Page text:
BRANDON - Ryan Segers lives for the Fourth of July, when he can let his patriotism shine by orchestrating a theatrical show of fireworks that lights up the evening sky over his Brandon neighborhood.
Since 2004, Segers has put on a show for family, friends and neighbors with $2,000 worth of rockets that burst as high as a 15-story building.
"It's Independence Day," said Segers, 36, who has served overseas with the Army in Kuwait and Iraq and now serves with the Florida Army National Guard. "It's for our country. It's to get everyone in the spirit. I'm very patriotic."
He's also flaunting laws that prohibit such displays without the proper permits. And a neighbor's complaint to him and to law enforcement - about the risk to people and pets and all the fireworks debris from last year's celebration - may bring an end to the show.
Neighborhoods all across Tampa are loud and smoky from the fireworks set off each July 4. Still, law enforcement officers typically don't investigate them - unless they witness the launch or someone files a complaint.
Then a process kicks into motion.
An officer has the complainant fill out a form requesting prosecution.
The officer takes photos and issues a notice to appear in court, or files the case with the Hillsborough County State Attorney's Office for a determination.
How do you know whether your show is against the law?
"If it leaves the ground and explodes, it's considered illegal," said Debbie Carter, a Hillsborough County Sheriff's Office spokeswoman.
Hillsborough County Fire Rescue doesn't investigate complaints but does respond if fireworks get out of hand and cause damage or injury, said Artie Taylor, a Fire Rescue fire inspector.
The fire department recommends that people visit public fireworks shows where professionals get permits, are regulated and can be shut down if not in compliance, Taylor said.
Leave it to the people who have been approved, said Nacole Revette, a Fire Rescue spokeswoman.
"If they are going to the public entity, you know you are going to be at a safe show," Revette said.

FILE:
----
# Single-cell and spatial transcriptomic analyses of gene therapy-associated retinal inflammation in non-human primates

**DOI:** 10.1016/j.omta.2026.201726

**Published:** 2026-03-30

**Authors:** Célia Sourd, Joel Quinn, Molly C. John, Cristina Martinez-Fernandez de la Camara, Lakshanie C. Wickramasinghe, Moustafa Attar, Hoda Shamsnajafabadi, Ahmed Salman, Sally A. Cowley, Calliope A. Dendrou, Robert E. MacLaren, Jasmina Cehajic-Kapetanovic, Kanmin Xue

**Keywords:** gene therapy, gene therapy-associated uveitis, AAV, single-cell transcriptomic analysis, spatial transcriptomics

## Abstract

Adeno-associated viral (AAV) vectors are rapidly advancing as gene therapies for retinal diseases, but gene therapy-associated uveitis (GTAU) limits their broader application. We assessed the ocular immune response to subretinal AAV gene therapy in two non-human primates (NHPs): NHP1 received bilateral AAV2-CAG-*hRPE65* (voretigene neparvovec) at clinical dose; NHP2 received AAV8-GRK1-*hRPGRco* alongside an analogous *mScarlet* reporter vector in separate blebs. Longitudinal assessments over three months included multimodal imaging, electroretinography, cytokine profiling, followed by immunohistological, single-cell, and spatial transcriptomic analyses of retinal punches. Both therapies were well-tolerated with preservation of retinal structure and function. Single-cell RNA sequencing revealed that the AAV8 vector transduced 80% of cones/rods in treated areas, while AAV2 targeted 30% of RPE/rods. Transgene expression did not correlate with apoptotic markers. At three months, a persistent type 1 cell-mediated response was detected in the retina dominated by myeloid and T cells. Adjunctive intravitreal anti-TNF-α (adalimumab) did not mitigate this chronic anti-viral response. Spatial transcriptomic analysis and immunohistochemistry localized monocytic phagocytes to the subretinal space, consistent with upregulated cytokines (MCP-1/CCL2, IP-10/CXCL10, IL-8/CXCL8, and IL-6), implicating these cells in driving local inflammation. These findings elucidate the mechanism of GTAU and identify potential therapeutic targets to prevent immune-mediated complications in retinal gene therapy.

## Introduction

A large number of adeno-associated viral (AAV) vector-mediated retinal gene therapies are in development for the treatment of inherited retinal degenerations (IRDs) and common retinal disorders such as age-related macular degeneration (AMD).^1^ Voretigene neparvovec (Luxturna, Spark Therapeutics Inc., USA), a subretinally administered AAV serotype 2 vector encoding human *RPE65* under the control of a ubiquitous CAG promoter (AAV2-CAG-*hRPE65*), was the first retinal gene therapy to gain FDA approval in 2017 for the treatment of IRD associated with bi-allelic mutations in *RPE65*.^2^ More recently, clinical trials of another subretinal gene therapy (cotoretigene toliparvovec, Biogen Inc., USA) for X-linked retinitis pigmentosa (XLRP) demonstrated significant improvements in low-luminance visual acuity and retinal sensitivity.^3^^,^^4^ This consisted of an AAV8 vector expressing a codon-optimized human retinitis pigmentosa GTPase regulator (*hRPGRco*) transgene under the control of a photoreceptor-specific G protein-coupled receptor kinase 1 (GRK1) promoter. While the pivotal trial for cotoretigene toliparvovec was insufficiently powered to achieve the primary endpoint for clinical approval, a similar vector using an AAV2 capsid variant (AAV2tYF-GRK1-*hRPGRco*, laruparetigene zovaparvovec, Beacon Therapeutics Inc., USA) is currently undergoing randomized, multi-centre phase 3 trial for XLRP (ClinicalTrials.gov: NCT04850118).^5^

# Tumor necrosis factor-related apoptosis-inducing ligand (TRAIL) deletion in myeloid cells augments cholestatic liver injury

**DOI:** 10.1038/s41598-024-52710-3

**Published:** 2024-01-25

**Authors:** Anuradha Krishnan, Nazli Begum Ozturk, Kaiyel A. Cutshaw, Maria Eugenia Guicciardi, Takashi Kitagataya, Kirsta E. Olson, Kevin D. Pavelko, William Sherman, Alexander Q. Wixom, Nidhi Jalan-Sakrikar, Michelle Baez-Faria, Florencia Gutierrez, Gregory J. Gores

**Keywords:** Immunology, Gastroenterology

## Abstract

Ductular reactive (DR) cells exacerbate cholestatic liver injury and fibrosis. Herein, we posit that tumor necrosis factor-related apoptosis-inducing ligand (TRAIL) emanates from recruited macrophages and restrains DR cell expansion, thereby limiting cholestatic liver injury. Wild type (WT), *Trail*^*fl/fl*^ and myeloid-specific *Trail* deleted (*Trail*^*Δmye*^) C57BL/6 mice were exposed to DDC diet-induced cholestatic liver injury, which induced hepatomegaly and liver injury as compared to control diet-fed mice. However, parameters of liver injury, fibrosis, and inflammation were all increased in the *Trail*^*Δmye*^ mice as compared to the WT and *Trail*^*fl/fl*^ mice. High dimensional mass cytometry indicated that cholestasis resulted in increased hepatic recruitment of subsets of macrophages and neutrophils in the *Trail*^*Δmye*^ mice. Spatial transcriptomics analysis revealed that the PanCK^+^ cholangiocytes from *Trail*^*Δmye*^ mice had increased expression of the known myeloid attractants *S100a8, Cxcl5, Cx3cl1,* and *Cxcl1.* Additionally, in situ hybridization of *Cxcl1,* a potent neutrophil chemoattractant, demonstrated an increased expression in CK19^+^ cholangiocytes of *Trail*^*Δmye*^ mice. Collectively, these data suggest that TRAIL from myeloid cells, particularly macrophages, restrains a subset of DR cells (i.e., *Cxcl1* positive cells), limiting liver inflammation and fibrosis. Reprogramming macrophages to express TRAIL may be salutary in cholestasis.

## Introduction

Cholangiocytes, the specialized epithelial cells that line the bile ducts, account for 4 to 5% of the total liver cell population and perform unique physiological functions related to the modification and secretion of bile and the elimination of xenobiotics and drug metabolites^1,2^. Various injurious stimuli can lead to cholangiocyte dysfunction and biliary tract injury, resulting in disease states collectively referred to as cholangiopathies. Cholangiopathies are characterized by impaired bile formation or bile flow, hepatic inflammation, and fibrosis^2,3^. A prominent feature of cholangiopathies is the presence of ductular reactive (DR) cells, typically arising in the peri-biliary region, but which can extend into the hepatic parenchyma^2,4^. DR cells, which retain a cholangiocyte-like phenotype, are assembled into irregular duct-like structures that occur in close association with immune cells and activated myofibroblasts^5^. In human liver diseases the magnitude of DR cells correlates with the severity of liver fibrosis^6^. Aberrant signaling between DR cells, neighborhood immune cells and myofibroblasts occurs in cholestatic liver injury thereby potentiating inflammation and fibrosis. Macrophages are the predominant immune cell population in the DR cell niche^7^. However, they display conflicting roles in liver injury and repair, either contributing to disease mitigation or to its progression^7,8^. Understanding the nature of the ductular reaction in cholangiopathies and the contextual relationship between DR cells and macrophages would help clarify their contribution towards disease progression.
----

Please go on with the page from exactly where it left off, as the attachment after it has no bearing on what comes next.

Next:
In Hillsborough County, you can try to apply for a fireworks display permit.
But it isn't easy.
An applicant must have a certificate of insurance for $1 million, hire a private security crew trained in "fire watch," and submit a diagram of the "display area."
There are broad requirements, too, on the distance between the ignition point and people or buildings so a big lot is a must.
Back in Brandon, Segers says his show is safe. He has fire extinguishers nearby and shoots the fireworks off at a safe distance.
"Fireworks displays celebrating the birth of our nation is as American as baseball and mom's apple pie," he said in an email. "Millions of Americans will participate in this long treasured American tradition."
It's a tradition his neighbors embrace for the most part, said Frazier Payton, who's one of them.
In the past, several neighbors have set off fireworks but Segers has taken it further, Payton said.
People gather in Segers' front yard or in their own yards to watch.
"It's not annoying," said Payton, who has lived in the neighborhood 15 years. "Some of it is loud, but it is pretty. It's basically what you would see at a fireworks show, just not as long and not as big."
Payton said he's sorry to see the neighborhood disagreement and doesn't want to choose sides. Still, he can't see the harm.
"I feel he has the right to do it, as far as I'm concerned. It's a neighborhood tradition. We've all been doing it for years."
As for Segers, just a few days before the holiday, he remained undecided.
But he hinted, anyway, that the show will go on.